Ring-enhancing spinal cord lesions in neuromyelitis optica spectrum disorders
  1. Nicholas L Zalewski1,
  2. Padraig P Morris2,
  3. Brian G Weinshenker1,
  4. Claudia F Lucchinetti1,
  5. Yong Guo1,
  6. Sean J Pittock1,3,
  7. Karl N Krecke2,
  8. Timothy J Kaufmann2,
  9. Dean M Wingerchuk4,
  10. Neeraj Kumar1,
  11. Eoin P Flanagan1
  1. 1Department of Neurology, Mayo Clinic, Rochester, Minnesota, USA
  2. 2Department of Radiology, Mayo Clinic, Rochester, Minnesota, USA
  3. 3Department of Laboratory Medicine, Mayo Clinic, Rochester, Minnesota, USA
  4. 4Department of Neurology, Mayo Clinic, Scottsdale, Arizona, USA
  1. Correspondence to Dr Eoin P Flanagan, College of Medicine, Mayo Clinic, Rochester, MN 55905, USA; flanagan.eoin{at}mayo.edu

Abstract

Objective We assessed the frequency and characteristics of ring-enhancing spinal cord lesions in neuromyelitis optica spectrum disorder (NMOSD) myelitis and myelitis of other cause.

Methods We reviewed spinal cord MRIs for ring-enhancing lesions from 284 aquaporin-4 (AQP4)-IgG seropositive patients at Mayo Clinic from 1996 to 2014. Inclusion criteria were as follows: (1) AQP4-IgG seropositivity, (2) myelitis attack and (3) MRI spinal cord demonstrating ring-enhancement. We identified two groups of control patients with: (1) longitudinally extensive myelopathy of other cause (n=66) and (2) myelitis in the context of a concurrent or subsequent diagnosis of multiple sclerosis (MS) from a population-based cohort (n=30).

Results Ring-enhancement was detected in 50 of 156 (32%) myelitis episodes in 41 patients (83% single; 17% multiple attacks). Ring-enhancement was noted on sagittal and axial images in 36 of 43 (84%) ring enhancing myelitis episodes and extended a median of two vertebral segments (range, 1–12); in 21 of 48 (44%) ring enhancing myelitis episodes, the ring extended greater than or equal to three vertebrae. Ring-enhancement was accompanied by longitudinally extensive (greater than or equal to three vertebral segments) T2-hyperintensity in 44 of 50 (88%) ring enhancing myelitis episodes. One case of a spinal cord biopsy during ring-enhancing myelitis revealed tissue vacuolation and loss of AQP4 immunoreactivity with preserved axons. The clinical characteristics of ring-enhancing myelitis episodes did not differ from non-ring-enhancing episodes. Ring-enhancing spinal cord lesions were more common in NMOSD than other causes of longitudinally extensive myelopathy (50/156 (32%) vs 0/66 (0%); p≤0.001) but did not differ between NMOSD and MS (50/156 (32%) vs 6/30 (20%); p=0.20).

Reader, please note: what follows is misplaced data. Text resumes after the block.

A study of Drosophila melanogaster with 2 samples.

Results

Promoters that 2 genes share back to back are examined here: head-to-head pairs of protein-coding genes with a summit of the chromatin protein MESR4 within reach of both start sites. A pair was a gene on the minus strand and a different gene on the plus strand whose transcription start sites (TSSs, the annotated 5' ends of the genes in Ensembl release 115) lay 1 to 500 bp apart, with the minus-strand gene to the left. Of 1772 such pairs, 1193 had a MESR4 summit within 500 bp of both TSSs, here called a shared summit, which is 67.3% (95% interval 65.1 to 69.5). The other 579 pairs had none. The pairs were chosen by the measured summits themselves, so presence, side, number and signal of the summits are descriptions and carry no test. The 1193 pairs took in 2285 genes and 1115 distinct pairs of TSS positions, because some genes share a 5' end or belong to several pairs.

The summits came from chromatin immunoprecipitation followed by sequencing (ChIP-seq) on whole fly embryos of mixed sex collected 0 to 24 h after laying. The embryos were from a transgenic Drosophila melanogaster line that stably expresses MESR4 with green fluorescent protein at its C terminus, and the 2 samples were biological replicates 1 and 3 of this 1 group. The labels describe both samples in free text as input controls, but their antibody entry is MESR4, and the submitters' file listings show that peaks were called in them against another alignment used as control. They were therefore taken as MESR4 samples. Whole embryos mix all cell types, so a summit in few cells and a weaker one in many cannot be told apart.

Conclusions Spinal cord ring-enhancement accompanies one-third of NMOSD myelitis episodes and distinguishes NMOSD from other causes of longitudinally extensive myelopathies but not from MS.


  • Contributors NLZ is the lead author and was involved in data acquisition. PPM contributed to radiographic data review. BGW was involved in critical revision of manuscript. CFL conducted pathology review and critically revised the manuscript. YG was involved in pathology review. SJP critically revised the manuscript. KNK reviewed radiographic data. TJK, DMW and NK critically revised the manuscript. EPF contributed to study and concept design, analysis and interpretation, and critically revised the manuscript.

  • Competing interests NLZ, PPM, NK, EPF, YG and KNK have no disclosures. BGW receives royalties from RSR and Oxford University for technology licence for AQP4 autoantibodies used for diagnosis of neuromyelitis optica. He serves on data safety monitoring committees for Novartis, Biogen-Idec and Mitsubishi pharmaceutical companies, and serves on an adjudication panel for MedImmune Pharmaceuticals. He served as a consultant for GlaxoSmithKline, Elan, Ono, Chugai and Alexion and Novartis pharmaceutical companies. He serves on editorial boards for Neurology, the Canadian Journal of Neurological Sciences and Turkish Journal of Neurology. CFL shares in royalties from marketing of kits for detecting AQP4 autoantibody and from the sale of Blue Books of Neurology: Multiple Sclerosis 3 (Saunders Elsevier, 2010); she receives research support from Biogen, Novartis, Alexion, and Sanofi. SJP is a named inventor on patents (#12/678,350 filed 2010 and #12/573,942 filed 2008) that relate to functional AQP4/NMO-IgG assays and NMO-IgG as a cancer marker; receives research support from Alexion Pharmaceuticals, the Guthy-Jackson Charitable Foundation and the National Institutes of Health (NS065829). SJP has provided consultation to Alexion Pharmaceuticals, MedImmune LLC and Chugai Pharma but has received no personal fees or personal compensation for these consulting activities. All compensation for consulting activities is paid directly to Mayo Clinic. TJK is a consultant for SpineThera. DMW has received research support from Alexion, Terumo BCT and the Guthy-Jackson Charitable Foundation, receives financial compensation for participation on a relapse adjudication panel for MedImmune, has served as a consultant to Alexion, MedImmune and Chugai Pharmaceuticals, and has served as co-Editor-in-Chief of The Neurologist.

  • Ethics approval Institutional Review Board of Mayo Clinic, Rochester, Minnesota.

  • Provenance and peer review Not commissioned; externally peer reviewed.